Nomad | ZAPT's Autonomous Commercial Mower
Works Where Other Autonomous Mowers Do Not
How Nomad maintains a constant knowledge of its location through GNSS and imagery to improve productivity
Nomad Autonomous Lawn Mower Specs
60” tri-blade mulching deck
Min Width for Access
31.5” (clear 36” gate) Skinny mode
Turf tire - 18 x 8.5 all-wheel drive & all-wheel steer
15 ° operational, slow transit 25 ° (in Fat mode)
1.5” - 5.5” in 0.25” increments
Quad SIM, Dual Band Radio GSM, WIFI
How It Works
Nomad autonomously cuts grass within a defined boundary based on a pre-determined path. The defined boundary is established initially from satellite imagery data. Then while in operation, Nomad will collect real-time positioning and mapping data from its redundant sensor suite onboard. These sensors construct an accurately scaled map with detailed imagery within 100 meters around Nomad as it moves along the path. This map is then used to augment Nomad's information for future work. Nomad's path planning algorithm is also used to safely navigate around all unexpected moving or stationary objects along its route. Essentially, we set up a path to be cut on your site, load that path into Nomad, and then Nomad will do the rest, keeping you updated along the way.
There is redundancy and reliability built-in at every level in Nomad because our fundamental focus is safety. Nomad has interconnected sensors to always know the relative speed and distance of any detected objects at all times. Essentially, Nomad never relies on one sensor to operate. Suppose an object comes too close to Nomad while working. In that case, it immediately shuts down, alerts monitoring users, and stops all movement until further directed or until the object moves to a safe distance. On top of redundant sensors, Nomad has multiple control options and emergency stop systems for additional user oversight. Bottom-line, Nomad is designed to be unquestionably safe, proven through extensive testing of its software, hardware, and integrated systems.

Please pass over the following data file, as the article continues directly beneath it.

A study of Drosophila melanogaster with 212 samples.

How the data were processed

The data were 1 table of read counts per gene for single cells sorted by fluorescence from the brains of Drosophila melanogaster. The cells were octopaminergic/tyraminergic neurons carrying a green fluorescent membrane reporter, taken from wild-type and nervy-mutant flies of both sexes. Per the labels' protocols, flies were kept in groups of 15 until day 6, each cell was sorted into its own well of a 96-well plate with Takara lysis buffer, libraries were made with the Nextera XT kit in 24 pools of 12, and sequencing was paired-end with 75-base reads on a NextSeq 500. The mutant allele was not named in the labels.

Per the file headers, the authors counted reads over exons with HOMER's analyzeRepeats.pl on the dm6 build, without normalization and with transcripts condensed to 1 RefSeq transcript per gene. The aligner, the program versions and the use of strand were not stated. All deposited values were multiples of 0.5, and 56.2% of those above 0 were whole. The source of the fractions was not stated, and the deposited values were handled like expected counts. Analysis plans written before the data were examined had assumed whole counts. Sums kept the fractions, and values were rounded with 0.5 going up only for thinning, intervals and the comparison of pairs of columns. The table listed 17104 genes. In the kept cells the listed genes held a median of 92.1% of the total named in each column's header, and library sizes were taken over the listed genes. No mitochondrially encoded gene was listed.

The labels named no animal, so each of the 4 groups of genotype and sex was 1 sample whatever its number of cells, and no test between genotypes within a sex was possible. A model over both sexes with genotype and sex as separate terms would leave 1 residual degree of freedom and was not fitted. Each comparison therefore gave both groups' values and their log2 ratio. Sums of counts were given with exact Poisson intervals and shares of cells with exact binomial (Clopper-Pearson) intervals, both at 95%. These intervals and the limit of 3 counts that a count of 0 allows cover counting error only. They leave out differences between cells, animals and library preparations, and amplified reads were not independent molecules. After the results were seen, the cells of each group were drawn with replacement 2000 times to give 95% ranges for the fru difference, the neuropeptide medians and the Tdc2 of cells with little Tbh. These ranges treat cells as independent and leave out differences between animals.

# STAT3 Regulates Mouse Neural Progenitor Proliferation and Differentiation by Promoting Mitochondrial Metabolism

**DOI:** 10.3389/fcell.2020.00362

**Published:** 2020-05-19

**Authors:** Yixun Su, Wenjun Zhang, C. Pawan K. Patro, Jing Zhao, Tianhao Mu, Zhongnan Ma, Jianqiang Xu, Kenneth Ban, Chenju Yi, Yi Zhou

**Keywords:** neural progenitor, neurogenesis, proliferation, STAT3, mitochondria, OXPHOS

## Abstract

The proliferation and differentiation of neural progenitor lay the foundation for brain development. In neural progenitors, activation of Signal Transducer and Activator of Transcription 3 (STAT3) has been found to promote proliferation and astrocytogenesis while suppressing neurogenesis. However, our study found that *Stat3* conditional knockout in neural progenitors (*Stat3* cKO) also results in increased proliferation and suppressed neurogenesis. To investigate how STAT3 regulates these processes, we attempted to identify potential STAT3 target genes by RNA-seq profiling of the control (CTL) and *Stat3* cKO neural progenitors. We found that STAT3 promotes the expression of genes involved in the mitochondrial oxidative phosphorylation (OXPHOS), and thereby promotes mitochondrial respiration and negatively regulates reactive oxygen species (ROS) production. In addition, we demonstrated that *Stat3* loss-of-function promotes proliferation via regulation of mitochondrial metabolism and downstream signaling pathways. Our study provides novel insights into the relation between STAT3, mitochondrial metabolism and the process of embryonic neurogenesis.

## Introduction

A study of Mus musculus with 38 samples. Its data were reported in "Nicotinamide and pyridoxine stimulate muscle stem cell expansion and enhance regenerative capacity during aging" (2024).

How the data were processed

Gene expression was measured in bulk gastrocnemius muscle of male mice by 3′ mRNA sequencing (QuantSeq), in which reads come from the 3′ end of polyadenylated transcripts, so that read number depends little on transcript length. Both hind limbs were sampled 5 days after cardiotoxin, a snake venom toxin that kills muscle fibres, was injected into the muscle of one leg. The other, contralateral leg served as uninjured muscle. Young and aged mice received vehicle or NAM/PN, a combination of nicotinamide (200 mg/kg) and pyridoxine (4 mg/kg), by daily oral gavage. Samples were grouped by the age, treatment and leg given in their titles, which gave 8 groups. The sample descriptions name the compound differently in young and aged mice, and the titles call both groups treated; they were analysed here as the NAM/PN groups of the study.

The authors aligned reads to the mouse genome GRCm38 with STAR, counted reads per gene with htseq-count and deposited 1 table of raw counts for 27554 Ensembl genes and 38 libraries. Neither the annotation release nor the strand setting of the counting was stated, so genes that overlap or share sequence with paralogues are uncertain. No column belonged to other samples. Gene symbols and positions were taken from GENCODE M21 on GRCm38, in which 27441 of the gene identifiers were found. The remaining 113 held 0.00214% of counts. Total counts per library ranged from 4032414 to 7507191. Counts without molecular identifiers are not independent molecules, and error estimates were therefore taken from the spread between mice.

Nomad maximizes productivity by constantly knowing its location, mowing at an optimal speed with minimal overlap, and transforming deck sizes to mow complex areas. Nomad also has 4-wheel drive and 4-wheel steering to maintain productivity on slopes and cut while moving in any direction. Initially, we will use the path planning software to optimize the most efficient mowing path on the site. Then while mowing, Nomad will optimize its path considering objects it detects. Additionally, Nomad has an extensive reporting system for users to evaluate efficiency, create improved schedules, and be proactive with regular maintenance. We generate at least four mowing paths for each site, so we do not compact the soil and leave tire tracks due to mowing the same path week after week.
Starting with the first sensor, Nomad utilizes one of the most widely used positioning tools, GNSS (GPS). Nomad receives signals from multiple satellite constellations adding reliability over just using GPS. Nomad's position is precisely determined using time of arrival data from the satellites and precise corrections. For areas where satellite data is blocked, such as under trees and along large fences or walls, Nomad continues to precisely navigate using LiDAR by matching the point cloud seen in real-time with a stored "map." This form of map matching delivers very accurate positioning without GNSS.
Coupled with GNSS and LiDAR, Nomad relies on several integrated sensors to stay on the path, avoid collisions and objects, and maintain safe operations. These sensors include inertial navigation sensors (IMU), visual sensors (stereo cameras), ultrasonic sensors, and resolvers/encoders. An IMU measures rotational rate and accelerations to compute position when aided with other sensors. The stereo cameras and LiDAR identify objects while Nomad is operating. Most will be "known" objects already mapped within Nomad, and some will be "unknown" objects. Additionally, depth is detected to objects to aid navigation from the stereo cameras. The ultrasonic sensors detect close-range objects, and the wheels' resolvers monitor steering and traction within the challenging terrain. These redundant sensors are integrated to ensure safe and reliable autonomous operations.